The EPA describe excessive nutrients in our waters as one of America’s most pervasive, costly and challenging problems. Responses to Black & Veatch’s 2020 Strategic Directions: Water Report survey show that wastewater utilities are actively working to improve effluent quality and meet regulatory requirements.
Data Analytics: Threading the Needle of Risk and Reward
There’s no doubt that the technological advances of the past decade — artificial intelligence, cloud-based software, autonomous equipment, drones, remote sensors, mobile devices, machine learning and virtual reality — have improved operational efficiency, productivity and resiliency, moving us into the digital age faster and farther than we ever imagined.
PFAS, Lead, Nitrate/Nitrite: Key Concerns for Drinking Water Utilities
Utilities entrusted to supply sustainable, clean drinking water have their hands full eliminating contaminants of emerging concern and ensuring that reactions in the distribution system do not produce separate contamination issues. Dealing with certain contaminants are proving increasingly challenging.
Addressing Resilience and the Scramble for Water
Access to clean water remains a critical component of any community, but unfortunately, water stresses are a reality for far too many, particularly those in the arid West and Southwest. Concerns over funding, aging infrastructure and resilience are not new, echoing the worries and priorities of years past.
Unique assessment advances commercial viability of tidal energy

Tidal stream energy could theoretically supply more than 150 terawatt hours per annum globally. This represents a potential total global market of up to 50 gigawatts (GW) of generating capacity.

Tidal stream energy is a significant renewable energy source because, although it varies, the power output is highly  predictable. As a result, it can help to balance supply and demand as part of a balanced energy mix alongside other renewable sources such as wind and solar power.

Black & Veatch Provides Engineering, Procurement and Program Management Services for Ammonia Plant Expansions
Enid Ammonia Plant Expansion Projects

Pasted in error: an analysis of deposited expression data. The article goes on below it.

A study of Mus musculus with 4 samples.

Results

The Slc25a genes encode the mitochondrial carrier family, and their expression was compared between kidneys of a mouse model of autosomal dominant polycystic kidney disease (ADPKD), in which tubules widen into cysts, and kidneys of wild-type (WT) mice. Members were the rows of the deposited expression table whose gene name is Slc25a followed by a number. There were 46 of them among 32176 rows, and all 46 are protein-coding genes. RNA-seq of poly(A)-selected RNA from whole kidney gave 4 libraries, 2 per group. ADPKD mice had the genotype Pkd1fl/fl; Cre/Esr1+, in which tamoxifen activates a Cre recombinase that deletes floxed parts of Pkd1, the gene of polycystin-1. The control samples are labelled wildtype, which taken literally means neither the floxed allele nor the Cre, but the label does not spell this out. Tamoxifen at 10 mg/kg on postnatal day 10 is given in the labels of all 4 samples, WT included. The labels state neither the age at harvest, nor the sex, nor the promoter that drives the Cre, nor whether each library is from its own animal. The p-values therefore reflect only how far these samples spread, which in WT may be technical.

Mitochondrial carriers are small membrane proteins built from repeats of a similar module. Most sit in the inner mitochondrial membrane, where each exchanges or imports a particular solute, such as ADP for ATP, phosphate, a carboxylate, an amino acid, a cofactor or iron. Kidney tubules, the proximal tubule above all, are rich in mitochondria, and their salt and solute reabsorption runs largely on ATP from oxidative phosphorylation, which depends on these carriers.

Black & Veatch provided engineering and procurement services to Koch Nitrogen Company, LLC for two ammonia plant expansions as well as utility and infrastructure improvements as part of a $1.3 billion expansion of its Enid, Oklahoma facility. The project increased urea and ammonia production at the facility by more than one million tons a year. The facility is one of the largest producers of fertilizer in North America. 

Water Resilience: When Too Much of a Good Thing Isn’t Great
During the spring of 2019, record-breaking floods inundated the Midwest and overwhelmed the water and wastewater treatment facilities. That searing experience, coupled with increased recognition of the vulnerability of low-lying coastal areas to seawater surges, has spurred concerns about the resilience of our nation’s water infrastructure.
Aging Infrastructure and Workforce: Vexing Challenges Remain
America’s water infrastructure is deteriorating quickly, causing increasing failures because adequate investments haven’t been made in rehabilitation or replacement. Not surprisingly, aging infrastructure is the major worry for respondents to Black & Veatch’s 2020 Strategic Directions: Water Report survey.
Black & Veatch Completes Multiple Process, Mechanical and Electrical Studies for Ammonia Clients
Conceptual Development for Ammonia and Fertilizer Facilities

Black & Veatch has worked with multiple large ammonia and fertilizer companies to provide front-end loading (FEL 1-3) studies, also referred to as pre-project planning, front-end engineering design (FEED), feasibility analysis, conceptual and detailed design, and early project planning. This includes evaluating process conditions in ammonia plants, reviewing electrical loads and infrastructure for ammonia, urea and UAN plants, as well as detailed design for Urea Reactor Replacements.

Digital Water Expands in Use, Importance in a Time of Climate Change, Pandemics
Aging infrastructure and the graying of the industry’s retirement-bound workforce remains a vexing issue, decades in the making. Climate change continues to test the ability of water utilities either to provide enough water or effectively handle historic inundations. All of this compounded by a global pandemic.
As Infrastructure Ages, ‘Digital Water’ Drives Optimization
Water utilities take on the difficult job of ensuring that water always will be safe and that capacity always will be available. This is becoming an increasingly difficult task, given unforeseen events such as the COVID-19 pandemic that compound the chronic issues with aging water infrastructure and an aging workforce.
Sustainability Drives Mine Water Management Systems
A growing global population, rising standards of living, increased urbanization and climate change are driving an increase in water-associated risks around the world. Water is a vital component in mining operations, and the mining industry is being increasingly challenged to develop sustainable water management practices as it works to harmonize the needs of the industry, environment and society.